Iraq Seizes Town on Outskirts of Islamic State-Held Tikrit

Militias known as Hashid Shaabi inspect a destroyed vehicle of Islamic State in the town of al-Alam Tuesday. (REUTERS/Thaier Al-Sudani)
Militias known as Hashid Shaabi inspect a destroyed vehicle of Islamic State in the town of al-Alam Tuesday. (REUTERS/Thaier Al-Sudani)

BAGHDAD (AP) - Iraqi soldiers and Shiite militiamen captured a town Tuesday on the outskirts of the Islamic State-held city of Tikrit, sealing off Saddam Hussein’s hometown in preparation to confront the terrorists in one of their biggest strongholds, officials said.

Seizing Alam puts the offensive on course to attempt to liberate Tikrit in the coming days, the ultimate battle-readiness test for Iraqi forces now advancing there without the support of U.S.-led airstrikes. Their operation likely will set the stage for how Iraq attempts to retake the more-densely populated cities of Mosul and Fallujah from the terrorists.

Iraqi forces entered Alam early Tuesday morning, their armored convoys roaring past the empty arid fields and occasional palm tree before gaining full control hours later, two Iraqi officials said. By nightfall, the military sealed off Tikrit on all sides, the officials said, speaking on condition of anonymity because they were not authorized to talk to journalists.

Sniper fire and roadside bombs initially hampered the advance into Alam, said Ahmed al-Karim, the Salahuddin provincial council chief. Extremists also blew up the Alam bridge to slow the Iraqi force, military officials said.

After seizing Alam, Shiite militiamen held assault rifles over their heads, chanting that the Islamic State group was “unable to conquer us.” Their involvement has been key in the Iraqi offensive, as have the involvement of Iranian military advisers guiding them.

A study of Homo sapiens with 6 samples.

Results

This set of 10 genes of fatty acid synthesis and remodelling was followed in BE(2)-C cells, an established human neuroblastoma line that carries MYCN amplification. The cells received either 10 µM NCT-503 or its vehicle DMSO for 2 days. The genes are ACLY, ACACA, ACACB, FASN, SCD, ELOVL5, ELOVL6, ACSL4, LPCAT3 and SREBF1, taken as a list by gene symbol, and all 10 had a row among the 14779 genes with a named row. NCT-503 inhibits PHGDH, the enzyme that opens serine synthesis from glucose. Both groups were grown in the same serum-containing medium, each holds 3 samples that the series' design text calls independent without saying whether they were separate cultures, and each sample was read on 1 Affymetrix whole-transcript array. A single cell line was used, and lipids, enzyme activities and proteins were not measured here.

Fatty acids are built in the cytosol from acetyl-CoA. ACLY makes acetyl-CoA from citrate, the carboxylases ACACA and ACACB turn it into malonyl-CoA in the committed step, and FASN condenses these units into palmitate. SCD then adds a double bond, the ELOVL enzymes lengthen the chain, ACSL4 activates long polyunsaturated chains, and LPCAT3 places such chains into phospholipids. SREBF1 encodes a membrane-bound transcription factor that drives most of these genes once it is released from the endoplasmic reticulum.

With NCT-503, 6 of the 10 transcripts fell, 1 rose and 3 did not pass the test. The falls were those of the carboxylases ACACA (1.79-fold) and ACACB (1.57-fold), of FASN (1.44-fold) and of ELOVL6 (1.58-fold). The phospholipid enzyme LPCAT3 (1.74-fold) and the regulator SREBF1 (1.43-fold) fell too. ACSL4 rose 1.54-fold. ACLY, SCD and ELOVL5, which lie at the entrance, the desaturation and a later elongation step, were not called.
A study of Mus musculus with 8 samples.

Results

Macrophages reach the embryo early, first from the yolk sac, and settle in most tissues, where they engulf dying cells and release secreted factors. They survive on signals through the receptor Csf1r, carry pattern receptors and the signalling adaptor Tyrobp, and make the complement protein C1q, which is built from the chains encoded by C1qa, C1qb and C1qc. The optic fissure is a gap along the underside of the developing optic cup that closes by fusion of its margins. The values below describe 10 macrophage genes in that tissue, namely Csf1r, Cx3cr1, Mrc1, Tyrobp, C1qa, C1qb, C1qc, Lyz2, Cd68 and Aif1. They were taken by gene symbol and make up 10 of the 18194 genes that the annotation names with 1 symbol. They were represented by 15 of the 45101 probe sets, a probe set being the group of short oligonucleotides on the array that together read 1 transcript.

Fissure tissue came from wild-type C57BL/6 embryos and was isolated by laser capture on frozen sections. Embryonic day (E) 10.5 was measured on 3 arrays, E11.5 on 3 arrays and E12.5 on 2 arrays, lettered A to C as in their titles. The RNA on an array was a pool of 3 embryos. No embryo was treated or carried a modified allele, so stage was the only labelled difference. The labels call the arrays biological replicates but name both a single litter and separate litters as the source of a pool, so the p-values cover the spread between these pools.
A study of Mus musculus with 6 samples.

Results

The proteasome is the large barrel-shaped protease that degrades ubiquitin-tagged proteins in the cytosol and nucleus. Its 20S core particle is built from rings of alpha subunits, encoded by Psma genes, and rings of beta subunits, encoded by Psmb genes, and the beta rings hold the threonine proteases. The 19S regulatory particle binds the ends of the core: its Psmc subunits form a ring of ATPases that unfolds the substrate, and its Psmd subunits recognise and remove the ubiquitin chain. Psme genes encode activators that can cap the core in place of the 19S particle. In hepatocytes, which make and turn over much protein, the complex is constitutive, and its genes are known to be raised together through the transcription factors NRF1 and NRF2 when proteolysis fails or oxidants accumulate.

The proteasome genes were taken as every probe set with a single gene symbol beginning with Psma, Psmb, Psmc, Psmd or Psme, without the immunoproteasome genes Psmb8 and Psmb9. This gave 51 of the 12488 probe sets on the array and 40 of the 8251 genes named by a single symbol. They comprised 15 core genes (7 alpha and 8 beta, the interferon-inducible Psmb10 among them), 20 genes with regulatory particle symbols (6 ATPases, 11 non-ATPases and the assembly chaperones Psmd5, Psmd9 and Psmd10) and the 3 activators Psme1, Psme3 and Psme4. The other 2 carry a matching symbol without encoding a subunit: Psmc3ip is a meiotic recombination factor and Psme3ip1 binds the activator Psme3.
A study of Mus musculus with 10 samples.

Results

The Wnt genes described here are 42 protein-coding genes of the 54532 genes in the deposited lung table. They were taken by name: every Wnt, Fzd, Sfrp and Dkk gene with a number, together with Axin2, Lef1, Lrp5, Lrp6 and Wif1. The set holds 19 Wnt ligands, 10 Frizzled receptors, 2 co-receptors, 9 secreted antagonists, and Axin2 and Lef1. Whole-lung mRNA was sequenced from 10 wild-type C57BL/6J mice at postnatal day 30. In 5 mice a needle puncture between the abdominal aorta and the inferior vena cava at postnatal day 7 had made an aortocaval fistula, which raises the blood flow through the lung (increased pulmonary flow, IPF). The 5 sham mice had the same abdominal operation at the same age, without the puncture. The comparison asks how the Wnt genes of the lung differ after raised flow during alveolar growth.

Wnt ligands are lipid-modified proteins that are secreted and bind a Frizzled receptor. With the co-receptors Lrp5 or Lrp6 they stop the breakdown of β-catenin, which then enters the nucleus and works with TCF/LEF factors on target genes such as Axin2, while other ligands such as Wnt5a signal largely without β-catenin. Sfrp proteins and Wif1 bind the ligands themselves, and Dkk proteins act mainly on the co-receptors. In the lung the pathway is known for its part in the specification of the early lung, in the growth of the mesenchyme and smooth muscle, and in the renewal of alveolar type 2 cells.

Among those directing operations is Iranian Gen. Qassem Soleimani, commander of the powerful Revolutionary Guard’s Quds Force. The overt Iranian role and the prominence of Shiite militias in the campaign have raised fears of possible sectarian cleansing should Tikrit, an overwhelmingly Sunni city, fall to the government troops.

Most battlefield successes in Iraq have been coordinated efforts, with Iraqi and Kurdish forces and Shiite militias fighting on the ground and the U.S.-led coalition providing air power. The siege of the village of Amirli just north of Baghdad, when many feared the capital itself might fall, was broken last year with the help of U.S.-led airstrikes and a fighting force of mainly Shiite militias. Shiite militiamen backed by a coalition air campaign also retook the town of Jurf al-Sukhr, on Baghdad’s outskirts, from the terrorists in October.

Soleimani was a key player in both of those campaigns. But Iraqi and Kurdish officials and Shiite militia fighters all acknowledge the crucial role the coalition airstrikes played in their modest victories. And so far, the U.S. has said it isn’t coordinating with Iran on its strikes and hasn’t been asked to provide aerial support in the Tikrit offensive.